Manufacturing companies moving to offering services as well as – or instead of – selling products is a growing trend. And it’s bringing significant rewards. We’ve seen margins grow to over 30 per cent in some cases and revenue turn from stagnation to double digit growth. So for investors it’s an attractive opportunity. But it means a fundamental change in how a business operates and careful planning and management to do it well – and do it fast.
The drive to servitization
Businesses that manufacture and sell products have been under margin pressure for years. Traditional product innovation and improvements in technology have helped maintain margins, but even here, the value of product technology innovation alone is reducing. The digital age has brought with it a change in demand. Customers are demanding services and solutions to help them get more from products and equipment.
This has been a trend across a number of sectors. For example:
In each case, overall revenues and very often margins increased. What's happening is that a company's intellectual property, traditionally geared to creating the best product, can now become a major differentiator.
From Products to Services: how do you create sustainable growth in manufacturing through Servitization?
Opportunities are out there, but need care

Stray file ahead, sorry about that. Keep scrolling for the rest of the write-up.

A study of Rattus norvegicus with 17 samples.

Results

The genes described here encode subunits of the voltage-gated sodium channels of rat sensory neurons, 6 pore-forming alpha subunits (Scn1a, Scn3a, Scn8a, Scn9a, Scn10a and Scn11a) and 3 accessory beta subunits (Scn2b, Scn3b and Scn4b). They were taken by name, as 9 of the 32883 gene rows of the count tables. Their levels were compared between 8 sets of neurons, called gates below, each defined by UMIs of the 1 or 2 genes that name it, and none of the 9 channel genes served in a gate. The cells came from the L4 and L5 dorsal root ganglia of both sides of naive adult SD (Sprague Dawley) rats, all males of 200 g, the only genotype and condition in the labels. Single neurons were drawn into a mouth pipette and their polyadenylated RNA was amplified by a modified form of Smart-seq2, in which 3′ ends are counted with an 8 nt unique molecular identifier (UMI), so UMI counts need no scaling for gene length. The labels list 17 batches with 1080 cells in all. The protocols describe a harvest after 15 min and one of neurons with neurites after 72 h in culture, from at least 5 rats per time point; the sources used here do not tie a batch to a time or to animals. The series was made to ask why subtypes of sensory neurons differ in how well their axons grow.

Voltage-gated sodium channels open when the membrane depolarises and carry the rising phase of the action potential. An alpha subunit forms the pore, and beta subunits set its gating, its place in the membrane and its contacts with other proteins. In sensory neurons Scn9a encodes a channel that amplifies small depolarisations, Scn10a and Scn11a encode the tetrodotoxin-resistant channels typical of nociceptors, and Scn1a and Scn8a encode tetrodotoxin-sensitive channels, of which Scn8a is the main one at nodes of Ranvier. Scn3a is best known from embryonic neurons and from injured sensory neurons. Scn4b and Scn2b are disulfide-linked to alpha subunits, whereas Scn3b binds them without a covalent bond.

Our research on the benefits of servitization shows that 75 per cent of executives are convinced that services and solutions will play a bigger role in their business over the next three to five years. But only 30 per cent of those companies had a strategy in place, which is crucial for success. Companies who stray into the world of services and solutions without a clear operational plan or strategy may significantly risk their earnings performance. There’s a whole new set of commercial and operational risks and a set of new capabilities a business needs be successful in this new market. We’re working with companies to help them make this complicated shift. And, in spite of the challenges, we’ve made sure servitization delivers value even within the typical time-frame of a private equity investment.